Mason: The arts have to be a presence in people’s lives. I had a great complimnet paid to me about a year ago when a friend told me about a youngman who had memorizeed a poem of mine. This young guy had recited the poem to my friend with tears in his eyes and said it was kind of passionate poetry he wanted more of in the world. I’d never met him, and yet there he was with my words coming out of his mouth. That’s the greatest honor a poet can ever have: for someone else to memorize your work, or photocopy it and put it in his or her wallet, or hang it on the fridge, or just keep your book close at hand.
Torino: Can that notion be expanded to include other acts besides writing poems? As your poem goes out into the world to touch a stranger, so might a random smile from the clerk at the supermarket.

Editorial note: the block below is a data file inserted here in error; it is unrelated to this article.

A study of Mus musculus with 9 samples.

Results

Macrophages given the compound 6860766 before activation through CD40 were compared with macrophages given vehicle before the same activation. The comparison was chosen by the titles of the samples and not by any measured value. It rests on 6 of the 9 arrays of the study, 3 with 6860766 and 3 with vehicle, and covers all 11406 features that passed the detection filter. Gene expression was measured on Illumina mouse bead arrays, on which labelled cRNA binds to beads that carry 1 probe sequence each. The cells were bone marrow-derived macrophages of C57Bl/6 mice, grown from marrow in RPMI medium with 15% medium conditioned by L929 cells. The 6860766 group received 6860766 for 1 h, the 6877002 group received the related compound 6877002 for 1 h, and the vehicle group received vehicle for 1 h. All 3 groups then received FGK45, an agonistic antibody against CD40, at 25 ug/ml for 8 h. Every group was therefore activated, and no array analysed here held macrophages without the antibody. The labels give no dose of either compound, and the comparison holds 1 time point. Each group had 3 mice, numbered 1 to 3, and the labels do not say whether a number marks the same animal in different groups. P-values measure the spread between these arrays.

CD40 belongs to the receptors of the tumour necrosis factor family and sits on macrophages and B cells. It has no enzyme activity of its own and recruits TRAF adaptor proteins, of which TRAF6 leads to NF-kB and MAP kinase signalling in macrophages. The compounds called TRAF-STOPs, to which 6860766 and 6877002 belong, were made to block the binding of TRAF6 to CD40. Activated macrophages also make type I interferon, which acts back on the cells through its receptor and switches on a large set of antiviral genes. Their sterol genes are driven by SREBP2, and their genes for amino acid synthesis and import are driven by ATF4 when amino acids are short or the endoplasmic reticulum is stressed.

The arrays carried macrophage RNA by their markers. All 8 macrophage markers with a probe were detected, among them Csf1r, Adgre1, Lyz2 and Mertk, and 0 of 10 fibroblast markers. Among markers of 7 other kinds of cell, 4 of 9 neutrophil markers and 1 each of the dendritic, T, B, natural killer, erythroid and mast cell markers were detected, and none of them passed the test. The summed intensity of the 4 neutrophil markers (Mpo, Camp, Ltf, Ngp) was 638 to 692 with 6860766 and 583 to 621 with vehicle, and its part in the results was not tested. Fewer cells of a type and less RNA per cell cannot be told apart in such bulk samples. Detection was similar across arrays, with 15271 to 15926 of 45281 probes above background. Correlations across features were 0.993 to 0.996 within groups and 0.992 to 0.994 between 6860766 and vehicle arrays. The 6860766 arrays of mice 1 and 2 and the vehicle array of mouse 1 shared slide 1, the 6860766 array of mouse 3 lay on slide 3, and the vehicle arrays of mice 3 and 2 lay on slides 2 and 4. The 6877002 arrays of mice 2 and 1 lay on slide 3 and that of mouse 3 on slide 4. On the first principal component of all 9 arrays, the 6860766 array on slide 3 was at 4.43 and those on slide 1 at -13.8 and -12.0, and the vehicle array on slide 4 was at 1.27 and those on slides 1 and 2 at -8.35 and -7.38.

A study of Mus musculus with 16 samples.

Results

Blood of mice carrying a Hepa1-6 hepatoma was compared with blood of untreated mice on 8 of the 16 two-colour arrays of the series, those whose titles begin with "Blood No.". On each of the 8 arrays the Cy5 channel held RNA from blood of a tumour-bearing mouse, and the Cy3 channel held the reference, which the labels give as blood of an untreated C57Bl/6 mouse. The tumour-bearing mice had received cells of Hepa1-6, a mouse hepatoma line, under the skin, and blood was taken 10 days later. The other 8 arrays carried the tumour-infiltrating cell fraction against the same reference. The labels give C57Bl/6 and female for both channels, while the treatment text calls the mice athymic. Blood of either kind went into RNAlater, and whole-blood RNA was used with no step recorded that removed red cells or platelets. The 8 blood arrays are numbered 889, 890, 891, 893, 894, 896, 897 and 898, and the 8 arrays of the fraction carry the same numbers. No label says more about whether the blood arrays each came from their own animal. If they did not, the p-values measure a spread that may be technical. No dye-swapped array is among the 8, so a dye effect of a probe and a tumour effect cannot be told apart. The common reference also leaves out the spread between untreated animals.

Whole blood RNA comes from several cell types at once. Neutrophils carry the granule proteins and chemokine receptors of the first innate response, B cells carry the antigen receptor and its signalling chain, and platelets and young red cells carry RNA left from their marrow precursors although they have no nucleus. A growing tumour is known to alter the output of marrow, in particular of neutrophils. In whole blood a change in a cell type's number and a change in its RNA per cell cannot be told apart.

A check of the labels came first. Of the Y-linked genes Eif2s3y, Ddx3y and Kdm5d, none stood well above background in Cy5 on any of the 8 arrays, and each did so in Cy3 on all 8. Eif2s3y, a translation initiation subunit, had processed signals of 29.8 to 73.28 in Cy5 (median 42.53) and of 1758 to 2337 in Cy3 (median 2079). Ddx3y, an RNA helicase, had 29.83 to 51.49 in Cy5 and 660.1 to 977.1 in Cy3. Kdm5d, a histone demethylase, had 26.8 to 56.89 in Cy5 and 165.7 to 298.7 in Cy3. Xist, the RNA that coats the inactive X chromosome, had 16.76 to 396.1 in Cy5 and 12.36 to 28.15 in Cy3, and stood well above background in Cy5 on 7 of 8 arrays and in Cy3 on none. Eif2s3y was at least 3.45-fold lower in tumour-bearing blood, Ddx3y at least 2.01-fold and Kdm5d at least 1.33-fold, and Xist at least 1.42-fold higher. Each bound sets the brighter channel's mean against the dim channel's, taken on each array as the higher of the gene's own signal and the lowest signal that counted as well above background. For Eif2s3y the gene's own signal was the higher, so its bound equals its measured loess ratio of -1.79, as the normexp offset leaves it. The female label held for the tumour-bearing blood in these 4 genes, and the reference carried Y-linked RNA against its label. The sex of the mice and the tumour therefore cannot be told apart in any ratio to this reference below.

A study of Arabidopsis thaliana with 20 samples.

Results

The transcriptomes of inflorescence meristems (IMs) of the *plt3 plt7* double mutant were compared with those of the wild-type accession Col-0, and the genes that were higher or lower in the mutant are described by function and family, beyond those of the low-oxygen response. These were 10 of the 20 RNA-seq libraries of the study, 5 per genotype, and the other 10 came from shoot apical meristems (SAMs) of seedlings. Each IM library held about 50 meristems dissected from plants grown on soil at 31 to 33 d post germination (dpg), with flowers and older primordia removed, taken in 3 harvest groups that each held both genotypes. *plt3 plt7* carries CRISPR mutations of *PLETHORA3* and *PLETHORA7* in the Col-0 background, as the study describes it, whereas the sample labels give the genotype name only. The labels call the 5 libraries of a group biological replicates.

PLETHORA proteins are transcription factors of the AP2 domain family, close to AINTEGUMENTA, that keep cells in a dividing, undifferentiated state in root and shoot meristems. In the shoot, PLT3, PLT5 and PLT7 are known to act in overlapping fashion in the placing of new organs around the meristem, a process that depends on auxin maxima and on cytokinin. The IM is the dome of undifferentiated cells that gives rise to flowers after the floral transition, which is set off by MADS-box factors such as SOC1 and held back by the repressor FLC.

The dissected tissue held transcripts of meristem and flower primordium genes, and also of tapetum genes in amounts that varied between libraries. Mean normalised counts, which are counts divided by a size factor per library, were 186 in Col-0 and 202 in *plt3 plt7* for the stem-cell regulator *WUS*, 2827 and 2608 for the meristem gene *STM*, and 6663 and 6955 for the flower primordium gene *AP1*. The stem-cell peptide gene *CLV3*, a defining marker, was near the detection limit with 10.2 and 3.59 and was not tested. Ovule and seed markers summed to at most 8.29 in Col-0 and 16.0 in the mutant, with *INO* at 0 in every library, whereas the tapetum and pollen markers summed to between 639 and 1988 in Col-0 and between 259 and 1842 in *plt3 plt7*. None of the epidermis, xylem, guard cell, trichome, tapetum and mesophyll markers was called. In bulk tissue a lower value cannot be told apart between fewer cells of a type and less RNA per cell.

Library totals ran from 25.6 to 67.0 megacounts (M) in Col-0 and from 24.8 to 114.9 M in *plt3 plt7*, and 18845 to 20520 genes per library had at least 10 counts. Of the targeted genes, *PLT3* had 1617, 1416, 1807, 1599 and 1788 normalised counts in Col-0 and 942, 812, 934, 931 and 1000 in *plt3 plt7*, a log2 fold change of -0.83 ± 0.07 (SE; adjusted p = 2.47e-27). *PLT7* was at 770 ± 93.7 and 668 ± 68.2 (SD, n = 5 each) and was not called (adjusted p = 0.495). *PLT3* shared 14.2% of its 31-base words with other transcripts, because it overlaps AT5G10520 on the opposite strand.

Mason: That’s true. Every gesture goes out into the world and has a life of it’s own. The carpenter who framed the new windows in my house in Oregon comes to mind. He has made a new view possible for my wife and me. Bigger windows! Amazing! We can look out onto the woods and the ocean. We can see more. Any kind of making or doing has the potential to give someone a wider view. The supermarket clerk’s smile is a window. A poem is a window.
Tonino: The novelist John Nichols once said that if all you ever do is paint sunflowers, great; you’re tipping the scales ever so slightly in the right direction.
Mason: And you don’t know how much you’ve tipped them. You have to learn to ignore your ego’s attachment to the efficacy of what you do. You have to pat your ego on the head and say: That’s very nice, but you don’t know. Now run along. All you can do is try to make the world as beautiful as possible.